Understanding DNS

In this article I want to discuss the various principles surrounding the Domain Name Structure, or DNS. Since computers only understand numbers and not words, they use DNS to translate domain names to IP addresses. Every device connected to the internet has an IP address. DNS is essentially the phone book for the internet. In a typical home network, when you type in http://www.google.com in your browser your local DNS server (usually your router) contacts your ISP’s DNS server in order to find out where google.com lives on the internet. If your ISP’s server doesn’t know where to find http://www.google.com it contacts the .com root server. The root server will have a record of google.com and will then ask google’s Name Server for the record of http://www.google.com. That information get’s relayed back to your PC allowing you to access http://www.google.com.

Root Server Chain of Command
There is a group of servers known as the “Root Servers” who’s purpose is to keep records of all of the Top Level Domains, or TLDs. There are 13 companies at the time of this writing that are responsible for managing all the root servers. Some current examples of TLDs include


And many more.  The root servers keep lists of Name Servers associated with each TLD.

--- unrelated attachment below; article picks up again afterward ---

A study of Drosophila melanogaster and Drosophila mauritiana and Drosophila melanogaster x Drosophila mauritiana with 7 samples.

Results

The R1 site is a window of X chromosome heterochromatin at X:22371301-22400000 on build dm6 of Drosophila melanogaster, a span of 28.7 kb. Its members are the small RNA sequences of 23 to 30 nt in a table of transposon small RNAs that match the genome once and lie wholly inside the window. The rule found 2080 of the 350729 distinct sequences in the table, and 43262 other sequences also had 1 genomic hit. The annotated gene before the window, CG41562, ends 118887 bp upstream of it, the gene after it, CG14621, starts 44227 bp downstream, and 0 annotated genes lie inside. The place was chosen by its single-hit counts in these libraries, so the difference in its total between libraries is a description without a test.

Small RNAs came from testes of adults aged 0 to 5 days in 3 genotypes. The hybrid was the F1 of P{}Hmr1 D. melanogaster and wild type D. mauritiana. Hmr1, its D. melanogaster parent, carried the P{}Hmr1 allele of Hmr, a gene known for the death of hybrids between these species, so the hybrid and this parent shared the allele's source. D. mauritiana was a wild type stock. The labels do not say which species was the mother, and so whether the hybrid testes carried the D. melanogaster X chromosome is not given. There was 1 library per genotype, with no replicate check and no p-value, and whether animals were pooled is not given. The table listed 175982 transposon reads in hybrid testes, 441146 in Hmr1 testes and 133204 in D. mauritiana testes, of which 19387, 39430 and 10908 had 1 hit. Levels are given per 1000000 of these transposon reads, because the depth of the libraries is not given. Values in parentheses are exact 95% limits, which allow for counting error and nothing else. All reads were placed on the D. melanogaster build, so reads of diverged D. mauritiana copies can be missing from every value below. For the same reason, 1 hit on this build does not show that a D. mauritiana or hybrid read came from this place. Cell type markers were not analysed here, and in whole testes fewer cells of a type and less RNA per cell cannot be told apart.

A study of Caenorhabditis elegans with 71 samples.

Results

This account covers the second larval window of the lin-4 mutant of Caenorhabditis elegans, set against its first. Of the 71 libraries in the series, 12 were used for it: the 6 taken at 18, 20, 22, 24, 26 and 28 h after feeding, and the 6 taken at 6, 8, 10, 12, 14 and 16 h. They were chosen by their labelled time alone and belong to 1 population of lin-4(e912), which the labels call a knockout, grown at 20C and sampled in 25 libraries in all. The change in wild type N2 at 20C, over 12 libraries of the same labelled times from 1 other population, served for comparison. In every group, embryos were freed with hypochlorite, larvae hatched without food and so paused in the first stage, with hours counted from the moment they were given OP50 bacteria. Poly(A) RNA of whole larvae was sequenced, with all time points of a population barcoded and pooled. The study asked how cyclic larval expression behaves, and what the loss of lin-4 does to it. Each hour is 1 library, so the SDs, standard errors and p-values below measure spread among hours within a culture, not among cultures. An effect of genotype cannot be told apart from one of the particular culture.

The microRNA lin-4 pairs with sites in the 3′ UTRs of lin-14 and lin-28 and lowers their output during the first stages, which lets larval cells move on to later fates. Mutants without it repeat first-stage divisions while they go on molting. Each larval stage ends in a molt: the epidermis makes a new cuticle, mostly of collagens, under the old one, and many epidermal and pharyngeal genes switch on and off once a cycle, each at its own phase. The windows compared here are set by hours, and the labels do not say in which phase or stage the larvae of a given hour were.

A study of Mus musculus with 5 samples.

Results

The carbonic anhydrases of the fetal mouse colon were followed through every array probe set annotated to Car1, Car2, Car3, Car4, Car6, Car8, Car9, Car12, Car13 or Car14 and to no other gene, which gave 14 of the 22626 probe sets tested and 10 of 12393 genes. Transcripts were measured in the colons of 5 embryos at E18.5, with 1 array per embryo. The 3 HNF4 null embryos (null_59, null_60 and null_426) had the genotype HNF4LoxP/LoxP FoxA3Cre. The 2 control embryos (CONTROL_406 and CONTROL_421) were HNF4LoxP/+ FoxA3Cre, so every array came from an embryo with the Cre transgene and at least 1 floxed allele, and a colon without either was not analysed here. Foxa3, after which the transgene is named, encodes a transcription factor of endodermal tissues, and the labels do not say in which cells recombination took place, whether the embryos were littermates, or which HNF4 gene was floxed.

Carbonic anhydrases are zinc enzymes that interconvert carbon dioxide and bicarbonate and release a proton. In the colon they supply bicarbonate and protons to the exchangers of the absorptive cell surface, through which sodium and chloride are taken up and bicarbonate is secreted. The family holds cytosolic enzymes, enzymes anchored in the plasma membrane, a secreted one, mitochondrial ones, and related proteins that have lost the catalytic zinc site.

DNS Records
A Record An A Record maps a domain name to the IPv4 address of the server where it resides

AAAA Record: The “Quad A” record is the same as an A record, but for mapping to IPv6 addresses.

CNAME Record CNAME record also known as an Alias record. It is used to map an alias to an A record. For example http://www.amazon.com is an alias of amazon.com since they both point to the same name servers. The C stands for canonical.

MX Records MX stands for Mail Exchanger records. If you want to send an email to your friend Bob and bob’s email is bob@gmail.com, your mail servers will retrieve the MX records from gmail’s DNS servers in order to locate the correct mail server to send to.

PTR Records PTR is the opposite of an A record. It maps an IP address to a domain. This can be useful with authenticating servers and prevent unauthorized access of a network.

To summarize, DNS allows computers to read URLs by translating them into IP addresses. These IP addresses are then used to direct internet traffic to the right destination, or web page.